It’s fitting that the heroine of Contrition is a bit of an art voyeur because I felt like a voyeur reading this novel. The reader is treated to a glimpse of a secret world and a highly personal transformation of the protagonist, Dorie McKenna.
Dorie has discovered, on the death of her adoptive parents, that her deceased biological father was a famous artist and that she has a twin sister living in a convent. Dorie is a tabloid journalist living in Venice Beach and feels about as far removed from the life of a nun as a person can get. But she feigns interest in a cloistered life in order to gain access to her sister and her sister’s amazing artwork. Dorie grapples with her deception as she considers using her sister’s art and identity to further her own floundering career.
Weiler takes us on a fascinating behind-the-scenes story of a modern California convent, such as this one the author visited. But perhaps even more fascinating is the journey on which Dorie embarks to discover who she is, her faith, and where art fits into both.
Her twin, Catherine, creates beautiful religiously-inspired paintings and chooses to keep her artwork hidden, as it is her form of worship. This novel forces the question, what is the purpose of art? Is it for the sake of the producer or consumer, the artist or the audience? As Dorie is a writer grappling with the same issue, I like that the question applies to all art forms and as a writer myself, I can relate most in this way.
Like Dorie, I have sometimes worried that my writing replaces living an authentic life for the obsession with creating an imitation of life. In the book, the character articulates it best with the following, “I preferred not to commit words to paper or computer screen, would rather have skipped telling tales of life, choosing instead to live it. But I couldn’t help myself. Terrifying as it was, this recording of the world going by and my speculation about it was often the time I felt most alive. Was it possible to live life in an act of creation based on the mere observation of life?”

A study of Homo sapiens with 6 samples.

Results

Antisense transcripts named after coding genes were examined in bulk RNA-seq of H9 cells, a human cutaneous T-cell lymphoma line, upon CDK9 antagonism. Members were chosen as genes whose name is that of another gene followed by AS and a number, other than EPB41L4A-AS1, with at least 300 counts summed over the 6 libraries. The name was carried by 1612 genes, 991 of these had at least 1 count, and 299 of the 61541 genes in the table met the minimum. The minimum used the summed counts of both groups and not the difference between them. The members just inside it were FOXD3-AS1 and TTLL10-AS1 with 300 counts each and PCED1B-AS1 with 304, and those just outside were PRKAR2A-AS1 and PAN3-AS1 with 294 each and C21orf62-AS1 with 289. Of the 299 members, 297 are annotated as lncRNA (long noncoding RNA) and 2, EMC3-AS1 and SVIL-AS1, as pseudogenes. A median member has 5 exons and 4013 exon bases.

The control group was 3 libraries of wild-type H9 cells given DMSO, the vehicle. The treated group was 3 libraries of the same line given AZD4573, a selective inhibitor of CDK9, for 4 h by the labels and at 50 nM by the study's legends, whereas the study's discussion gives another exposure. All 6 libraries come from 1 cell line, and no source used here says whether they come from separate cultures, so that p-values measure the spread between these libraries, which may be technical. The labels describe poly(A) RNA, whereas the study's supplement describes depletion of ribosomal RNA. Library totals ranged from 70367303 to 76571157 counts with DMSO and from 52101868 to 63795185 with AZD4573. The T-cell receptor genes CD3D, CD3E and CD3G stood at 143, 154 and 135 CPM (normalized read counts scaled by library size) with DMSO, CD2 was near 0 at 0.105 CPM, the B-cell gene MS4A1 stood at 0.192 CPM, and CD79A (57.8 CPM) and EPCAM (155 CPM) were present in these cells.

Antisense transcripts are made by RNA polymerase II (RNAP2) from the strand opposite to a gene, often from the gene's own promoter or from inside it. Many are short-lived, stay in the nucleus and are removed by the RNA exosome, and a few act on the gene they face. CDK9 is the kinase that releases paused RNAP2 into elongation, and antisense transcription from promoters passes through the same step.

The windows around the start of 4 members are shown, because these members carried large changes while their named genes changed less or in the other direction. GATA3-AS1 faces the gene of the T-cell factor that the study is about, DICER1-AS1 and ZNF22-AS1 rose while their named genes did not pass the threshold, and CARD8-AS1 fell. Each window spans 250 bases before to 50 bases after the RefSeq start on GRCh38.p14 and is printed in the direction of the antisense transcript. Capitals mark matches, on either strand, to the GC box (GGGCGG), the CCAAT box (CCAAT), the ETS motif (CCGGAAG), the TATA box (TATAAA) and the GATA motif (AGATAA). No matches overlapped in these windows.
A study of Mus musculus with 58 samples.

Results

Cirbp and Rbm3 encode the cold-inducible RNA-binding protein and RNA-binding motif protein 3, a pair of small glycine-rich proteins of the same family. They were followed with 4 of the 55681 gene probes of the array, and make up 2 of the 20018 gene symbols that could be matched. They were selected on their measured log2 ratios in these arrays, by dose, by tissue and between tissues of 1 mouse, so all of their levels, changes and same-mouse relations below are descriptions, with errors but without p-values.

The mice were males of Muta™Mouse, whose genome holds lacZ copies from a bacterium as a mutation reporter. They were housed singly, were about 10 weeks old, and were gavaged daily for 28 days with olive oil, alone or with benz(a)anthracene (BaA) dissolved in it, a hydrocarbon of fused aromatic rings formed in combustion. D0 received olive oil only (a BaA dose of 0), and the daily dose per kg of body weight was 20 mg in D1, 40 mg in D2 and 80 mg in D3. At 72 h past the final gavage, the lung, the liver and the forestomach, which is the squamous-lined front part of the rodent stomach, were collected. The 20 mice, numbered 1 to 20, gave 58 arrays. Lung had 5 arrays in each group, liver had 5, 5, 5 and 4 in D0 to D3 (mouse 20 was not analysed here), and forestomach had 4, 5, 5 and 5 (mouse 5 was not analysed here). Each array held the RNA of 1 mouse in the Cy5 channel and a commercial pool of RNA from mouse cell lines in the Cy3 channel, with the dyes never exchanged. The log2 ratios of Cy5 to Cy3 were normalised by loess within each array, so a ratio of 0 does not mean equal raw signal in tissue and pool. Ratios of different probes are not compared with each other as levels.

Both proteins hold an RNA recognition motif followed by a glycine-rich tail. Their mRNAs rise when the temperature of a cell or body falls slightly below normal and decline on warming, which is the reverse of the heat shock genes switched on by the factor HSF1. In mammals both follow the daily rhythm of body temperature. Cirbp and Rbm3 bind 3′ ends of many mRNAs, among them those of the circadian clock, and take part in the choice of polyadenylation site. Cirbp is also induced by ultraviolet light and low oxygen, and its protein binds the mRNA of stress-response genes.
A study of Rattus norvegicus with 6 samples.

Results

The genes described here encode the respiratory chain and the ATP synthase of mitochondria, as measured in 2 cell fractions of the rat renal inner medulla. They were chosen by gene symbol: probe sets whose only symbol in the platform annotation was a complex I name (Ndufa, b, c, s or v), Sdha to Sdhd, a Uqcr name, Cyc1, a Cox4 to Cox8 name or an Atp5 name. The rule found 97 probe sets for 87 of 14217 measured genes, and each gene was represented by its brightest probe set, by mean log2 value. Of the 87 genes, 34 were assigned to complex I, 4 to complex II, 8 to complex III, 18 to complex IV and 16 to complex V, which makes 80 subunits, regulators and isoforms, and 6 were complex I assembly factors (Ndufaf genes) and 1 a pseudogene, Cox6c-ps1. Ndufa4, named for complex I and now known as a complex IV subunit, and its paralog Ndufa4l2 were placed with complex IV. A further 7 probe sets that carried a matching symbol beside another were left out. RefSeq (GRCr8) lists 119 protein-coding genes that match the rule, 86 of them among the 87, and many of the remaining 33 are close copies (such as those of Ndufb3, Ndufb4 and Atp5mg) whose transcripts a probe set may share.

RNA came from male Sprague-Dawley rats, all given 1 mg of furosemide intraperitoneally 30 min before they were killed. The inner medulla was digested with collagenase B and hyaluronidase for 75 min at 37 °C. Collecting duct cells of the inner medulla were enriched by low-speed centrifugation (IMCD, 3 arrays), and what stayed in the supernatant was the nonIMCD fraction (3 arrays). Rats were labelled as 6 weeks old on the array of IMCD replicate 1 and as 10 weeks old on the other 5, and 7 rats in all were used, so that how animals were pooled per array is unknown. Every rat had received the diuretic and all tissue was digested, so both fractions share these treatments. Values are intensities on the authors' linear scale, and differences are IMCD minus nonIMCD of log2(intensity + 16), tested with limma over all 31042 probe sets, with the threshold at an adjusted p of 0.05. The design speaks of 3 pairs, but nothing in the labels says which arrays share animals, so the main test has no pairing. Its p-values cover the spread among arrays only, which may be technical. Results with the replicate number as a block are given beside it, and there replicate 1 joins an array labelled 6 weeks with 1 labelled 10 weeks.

Can the creation of works of art, whether those are paintings, books, musical pieces, plays, or dances, be not just a substitute for a life, but a life itself? And how much does the size of our audience validate our work? Is it even necessary?
I feel this sentiment extends as well into the life of a nun in a convent. Is it possible to live life as a servant of God when a nun remains cloistered, her main act of service being private worship and prayer?
Dorie is flawed and at times, frustrated me with her muddled and often inexplicable reasoning for exposing her sister’s artwork to the world. Though appropriate to a book about a person contemplating joining a convent, Dorie spends a great deal of time alone in thought, which slowed the story for me in a few places. However, I enjoyed watching her struggle with her morality, her faith, and the concept of art. Dorie is real, relatable, and likable in her imperfections.
Weiler creates some interesting characters in unique situations and settings that will stay with the reader long after they’ve finished the book. I was fortunate enough to have met the author at a writing conference and she was fantastic! Check out her website: http://www.mauraweiler.com/
I highly recommend this original and satisfying novel.